THE FAMILY of a teenager killed in a head-on collision has slammed the sentence handed down to the drink driver involved.
Soldier Benjamin James Southall, 20, was jailed for 32 months for causing the death of 19-year-old Ben Andrews by careless driving when under the influence of alcohol.
Mr Andrews, who was described as a ‘bright and vibrant young man with his whole life ahead of him’, died following a collision on the A354 near the Pimperne roundabout on May 7 last year.
Southall, from the 26th Regiment Royal Artillery, appeared at Dorchester Crown Court to be sentenced after admitting the careless driving charge.
Stuart Ellacott, prosecuting, told the court that Mr Andrews, from Blandford, was giving a lift to friends Laura Haskell and Aaron Wicks when the fatal collision occurred at around 9.40pm.
Mr Wicks described how Southall’s car was travelling towards them with its full beam headlights on and veered over to their side of the road.
Mr Ellacott said: “Despite braking by Mr Andrews and an attempt to steer to the left to avoid an impact, the impact occurred.”
Mr Andrews suffered fatal injuries while Miss Haskell suffered a number of fractures to her vertebrae, arm, thigh and clavicle as well as a foot injury.
Mr Wicks managed to escape from the car with bruising.
Mr Ellacott said Southall, who suffered a broken wrist and bowel injury, was heard to say to paramedics on the way to hospital that he had drunk between six or seven pints that day.
A blood sample taken some four hours later revealed Southall had an alcohol level of 89mg per 100ml of blood, still above the legal limit of 80mg.
The court was told that a back calculation estimated Southall’s blood alcohol level at the time of the crash would have been around 123mg.
In a victim impact statement read at court Mr Andrews’s mother Sam said: “The impact of Ben’s death on our family has been devastating.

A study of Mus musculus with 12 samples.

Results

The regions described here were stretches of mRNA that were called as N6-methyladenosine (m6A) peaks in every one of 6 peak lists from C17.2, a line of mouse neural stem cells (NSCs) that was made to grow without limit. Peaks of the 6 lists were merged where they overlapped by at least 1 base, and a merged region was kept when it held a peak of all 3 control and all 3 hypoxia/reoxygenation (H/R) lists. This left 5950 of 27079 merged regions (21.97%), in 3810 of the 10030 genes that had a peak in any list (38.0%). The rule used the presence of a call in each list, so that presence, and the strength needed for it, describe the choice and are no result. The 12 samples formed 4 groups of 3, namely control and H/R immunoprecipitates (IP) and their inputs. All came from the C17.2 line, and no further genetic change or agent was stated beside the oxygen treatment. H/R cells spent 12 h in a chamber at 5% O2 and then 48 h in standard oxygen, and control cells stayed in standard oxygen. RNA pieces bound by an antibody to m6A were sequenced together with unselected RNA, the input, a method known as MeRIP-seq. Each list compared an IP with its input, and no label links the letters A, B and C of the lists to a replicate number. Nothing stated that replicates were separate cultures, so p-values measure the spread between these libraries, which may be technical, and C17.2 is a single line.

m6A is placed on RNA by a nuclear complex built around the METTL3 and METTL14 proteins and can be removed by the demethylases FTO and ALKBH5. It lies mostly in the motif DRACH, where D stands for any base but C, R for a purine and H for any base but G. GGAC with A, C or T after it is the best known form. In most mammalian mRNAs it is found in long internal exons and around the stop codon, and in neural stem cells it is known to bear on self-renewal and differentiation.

“Ben was a bright and vibrant young man with his whole life ahead of him.”
Mrs Andrews added: “There are not enough people like Ben Andrews in this world and we will do all we can to make sure he is not forgotten.”
Andrew Baker, mitigating, said Southall, of Gunville Down Road, Blandford, was a man of previous good character who had expressed ‘extreme remorse and horror’ for the consequences of his actions.
After reading glowing references from Southall’s superiors in the army, Mr Baker said: “He was a man of exemplary character.
“What took place was an aberration, an aberration because of drink.”
After Judge Roger Jarvis imposed his 32-month sentence Mr Andrews’ father Paul described the jail term as ‘horrendous’.
He said: “It’s diabolical.
“How can you get 32 months for killing someone?
“I just can’t believe it.”
Mother Sam added: “What example does that make of someone and how is it going to deter others from getting in the car when they’ve had a drink?”
‘Think twice’ message from bereaved parents
THE parents of Mr Andrews say they hope the tragedy their family has experienced will make others think twice about getting behind the wheel after they have been drinking.
Mr Andrews’ parents issued a statement after the sentencing saying: “The sentence imposed today on Southall will not bring back our beloved son.
“Laura Haskell and Aaron Wicks, who were with Ben when he died and who were also badly injured by the criminal actions of Southall, will bear both the mental and physical scars for the rest of their lives.
“Our son had a bright future and his personality brought joy to those who knew him.
“To have this bright light snuffed out by a young man who should have known better and who could easily have got a taxi a few miles home is something we will continue to struggle with.
“Our message today is that when you sit behind a wheel you are responsible not only for your life but those around you. We are sure Southall did not set out to kill Ben and seriously injure Laura and Aaron but the fact is that he did just that through a very stupid decision.
“His career and life are now in tatters but he has the opportunity to rebuild his life once he has served his time.
“To hold your son as he is dying is an emotion no parent should ever experience and our message to you is that when you drink do not drive and if you see someone going to, stop them – it saves lives.”
l Sergeant Dave Stroud, who acted as family liaison officer for the Andrews family, expressed his disappointment with the length of the sentence after the court hearing.
He said: “I’m surprised and disappointed at the length of the sentence, it doesn’t particularly send out a strong anti-drink drive message.”